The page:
In their bios published in this paper a few weeks ago, the candidates running for supervisor for District 2 what they felt were the priority issues that prompted them to run for office.

But what are the issues voters in District 2 are concerned about? District 2 is the area that includes Indian Valley, the Canyon, portions of Quincy and the Highway 70 corridor to Cromberg.

We surveyed residents from across the political and economic spectrum in the district.  Here are some of the perspectives. Most wished to not have their names attached to their comments.

The responses ran the gamut, but a few issues came up over and over again among the 20 or so people that responded.

Whoever the next supervisor is, that man will have to deal with an electorate with these concerns: fire, internet, and housing — the issues that came to the top of most voters concerns pertaining to living in Plumas County.

Residents are concerned about fire, and impending fire insurance cancelations that are already being seen in some parts of the county. They are also concerned about fire suppression.

Another local concern is lagging internet quality in parts of the district, which impedes everything from business and educational opportunities to basic communication.

Frontier Communications will be in bankruptcy in March and those trying to sign up for internet service in most of District 2 are being told there aren’t any more slots available and that Frontier is not taking new customers. “Will there be a plan to develop fiber optic cable into each of the rural communities as a way of promoting business growth in the county?”

A close third, constituents were concerned about the planning department and housing issues. Could the next board streamline the building permit process and work to lower the cost of building a primary house for young families? Could more affordable housing be built so that residents won’t have to leave the area because they can’t find housing?

Budgeting trailed close behind as an issue. Some are calling for better management while recognizing limited resources.

Some want to see better code enforcement and complained of wrecked and abandoned cars on residential streets in Greenville along with multiple yards filled with trash and other hazards, (driving down property values, according to some). Will a new supervisor ensure that code enforcement is applied equally? Business owners felt this was a major issue for potential investors. Said one business owner, “The county receives $1 per vehicle registration and $2 per every commercial vehicle registration annually to take care of this problem. Yet for almost five years they have let the funds sit.”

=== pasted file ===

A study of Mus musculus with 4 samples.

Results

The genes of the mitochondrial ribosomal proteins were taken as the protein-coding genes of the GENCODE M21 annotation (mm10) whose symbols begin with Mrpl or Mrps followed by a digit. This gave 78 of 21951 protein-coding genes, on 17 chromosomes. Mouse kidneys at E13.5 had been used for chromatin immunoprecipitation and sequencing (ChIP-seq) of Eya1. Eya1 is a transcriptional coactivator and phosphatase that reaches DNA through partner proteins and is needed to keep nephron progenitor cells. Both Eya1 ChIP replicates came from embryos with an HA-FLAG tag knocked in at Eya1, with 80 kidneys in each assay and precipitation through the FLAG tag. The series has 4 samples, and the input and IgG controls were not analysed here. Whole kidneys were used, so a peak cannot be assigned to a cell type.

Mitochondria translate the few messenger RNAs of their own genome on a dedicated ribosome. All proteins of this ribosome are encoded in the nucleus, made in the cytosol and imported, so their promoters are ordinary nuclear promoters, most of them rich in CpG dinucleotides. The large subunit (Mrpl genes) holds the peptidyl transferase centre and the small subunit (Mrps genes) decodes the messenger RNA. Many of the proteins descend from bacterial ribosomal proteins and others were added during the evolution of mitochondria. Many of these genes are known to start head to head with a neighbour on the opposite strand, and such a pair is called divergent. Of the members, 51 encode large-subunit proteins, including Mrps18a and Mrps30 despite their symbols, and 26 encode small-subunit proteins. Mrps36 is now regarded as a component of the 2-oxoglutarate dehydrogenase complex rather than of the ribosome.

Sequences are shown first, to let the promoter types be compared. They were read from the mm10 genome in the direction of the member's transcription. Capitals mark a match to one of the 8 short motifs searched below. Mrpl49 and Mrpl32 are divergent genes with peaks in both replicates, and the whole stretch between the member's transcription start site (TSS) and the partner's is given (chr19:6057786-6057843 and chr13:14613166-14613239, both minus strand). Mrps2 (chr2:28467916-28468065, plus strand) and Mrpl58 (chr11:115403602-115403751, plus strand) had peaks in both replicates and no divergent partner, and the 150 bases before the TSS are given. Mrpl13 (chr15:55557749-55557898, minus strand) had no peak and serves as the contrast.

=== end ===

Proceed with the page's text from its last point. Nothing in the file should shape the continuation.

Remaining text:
Voters were also concerned with dwindling population and a perceived lack of initiative of the board to advertise what Plumas County already does best — being beautiful.

To stay alive [businesses] have to keep their name out there. Plumas County has to advertise itself to attract people that initially will vacation here, and eventually relocate here. For this to happen we must offer the best infrastructure possible.”

Following along similar lines of thought, voters are hoping to see equity amongst those paying TOT (bed tax) for hotels and motels and those renting out rooms Airbnb-style, which currently have no TOT taxes collected. They also hope to see TOT taxes going to fund tourism rather than the general fund.

The following issues were brought up only by one segment of the voting population or one organization.

Private property rights, water rights and land use rights remain strong concerns for area ranchers, as well as management of wildlife predator species.

Dealing with the addiction crisis was important to some constituents and organizations. Classes that focus on sobriety and facilities for recovery rather than incarceration came up, too. More safes spaces in District 2 for those fleeing domestic violence is also an issue.

Indian Valley Indivisibles felt that recognizing climate change and getting “dark money” out of politics — though national issues — filter down to the local level as well.

If there was one unifying factor of those surveyed it was that the board of supervisors promote local industry, and “be supportive of the many  projects individuals, groups and businesses undertake to improve our lives.” One thing that some voters noted was a misconception that the current board of supervisors is hard to get a hold of. Most agreed current Supervisor Kevin Goss has made himself readily available to constituents.